In These Times has a pair of articles spotlighting the working relationship between the Democratic party and progressive activists. Adam Doster's "Dancing Into the Majority" provides an encouraging look at how "once alientated" activists are finding creative ways to work with the "party establishment." Says Doster:

...more and more progressives who refused to support spineless Democrats and instead backed unsuccessful third-party candidates have come to understand the pragmatic necessity of working within the Democratic Party.

Doster focuses on the innovative efforts of groups like the Progressive Democrats of America, Code Pink, the Aurora Project and the Party in the Street, as well as MoveOn, to work in coalition with the Democrats. His article explains the problems and pitfalls the groups have experienced in working with the Democratic Party, as well as the accomplishments. Doster's piece should be of interest to a broad range of progressive activist groups seeking new paths of cooperative action with the Democratic Party.

While Doster focuses on activist organizations, Connor Kenny's ITT article "Hello, Iím a Democrat: Meet the netroots activists who have moved online and into political office" shines a light on four of the nation's most energetic progressive activists: Mario Champion; Chris Bowers; Anna Brosovic; and Jeremy Horton. Notes Kenny:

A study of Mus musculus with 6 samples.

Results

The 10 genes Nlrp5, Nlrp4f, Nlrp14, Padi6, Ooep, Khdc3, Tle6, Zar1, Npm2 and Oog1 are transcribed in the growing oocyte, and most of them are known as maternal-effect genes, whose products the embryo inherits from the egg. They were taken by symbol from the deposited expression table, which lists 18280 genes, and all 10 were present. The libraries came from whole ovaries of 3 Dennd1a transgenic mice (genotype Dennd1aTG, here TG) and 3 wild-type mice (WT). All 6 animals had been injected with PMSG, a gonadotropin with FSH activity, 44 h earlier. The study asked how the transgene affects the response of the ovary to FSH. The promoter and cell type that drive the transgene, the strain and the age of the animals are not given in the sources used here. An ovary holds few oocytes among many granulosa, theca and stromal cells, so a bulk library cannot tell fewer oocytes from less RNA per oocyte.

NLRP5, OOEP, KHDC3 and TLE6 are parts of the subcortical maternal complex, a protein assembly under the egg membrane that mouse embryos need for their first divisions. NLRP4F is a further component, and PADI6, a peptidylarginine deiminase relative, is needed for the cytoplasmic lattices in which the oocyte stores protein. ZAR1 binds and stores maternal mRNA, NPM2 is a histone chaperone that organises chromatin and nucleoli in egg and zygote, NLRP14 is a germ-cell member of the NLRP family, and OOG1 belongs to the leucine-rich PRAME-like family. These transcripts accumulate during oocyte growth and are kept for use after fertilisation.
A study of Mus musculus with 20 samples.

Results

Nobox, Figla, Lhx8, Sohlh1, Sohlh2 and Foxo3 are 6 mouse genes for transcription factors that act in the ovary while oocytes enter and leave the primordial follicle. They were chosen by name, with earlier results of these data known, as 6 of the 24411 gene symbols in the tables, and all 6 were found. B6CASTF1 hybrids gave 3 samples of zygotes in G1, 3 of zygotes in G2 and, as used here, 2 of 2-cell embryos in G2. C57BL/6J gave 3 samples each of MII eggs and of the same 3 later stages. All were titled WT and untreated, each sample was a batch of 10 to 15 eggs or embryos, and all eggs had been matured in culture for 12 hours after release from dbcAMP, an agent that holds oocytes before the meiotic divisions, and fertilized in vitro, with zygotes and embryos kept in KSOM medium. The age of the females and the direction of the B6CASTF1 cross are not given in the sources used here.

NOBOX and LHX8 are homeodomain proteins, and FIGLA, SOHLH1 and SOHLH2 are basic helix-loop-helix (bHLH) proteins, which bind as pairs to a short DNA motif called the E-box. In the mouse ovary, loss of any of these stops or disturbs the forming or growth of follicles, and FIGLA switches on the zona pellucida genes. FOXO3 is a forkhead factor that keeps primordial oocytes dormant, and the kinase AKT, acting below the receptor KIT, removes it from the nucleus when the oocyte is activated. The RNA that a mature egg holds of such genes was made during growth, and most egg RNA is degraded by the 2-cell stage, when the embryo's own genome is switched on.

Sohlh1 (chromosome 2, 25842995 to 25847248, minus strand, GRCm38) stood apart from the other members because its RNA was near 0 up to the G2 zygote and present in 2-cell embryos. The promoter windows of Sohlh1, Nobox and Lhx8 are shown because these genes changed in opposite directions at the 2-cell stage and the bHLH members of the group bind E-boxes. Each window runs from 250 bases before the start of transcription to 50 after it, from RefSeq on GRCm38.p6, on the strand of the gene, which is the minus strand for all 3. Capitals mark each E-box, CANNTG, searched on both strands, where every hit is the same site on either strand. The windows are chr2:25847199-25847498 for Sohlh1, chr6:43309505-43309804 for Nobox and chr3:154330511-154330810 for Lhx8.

In coming years, netroots activists will be moving up from local party positions to state and national ones. And, while they are more progressive than the party as a whole, first and foremost they are committed Democrats who want to win, and who are willing to put in the money and the time to make it happen. Though their outsider identity may sometimes cause them to break the door down rather than ask for a key, they want to help.

Taken together, the ITT articles paint a promising picture of the Dems' future, energized by an infusion of netroots and grasssroots activists, determined not only to win stable Democratic majorities, but to elect diverse candidates of stronger character and heightened commitment.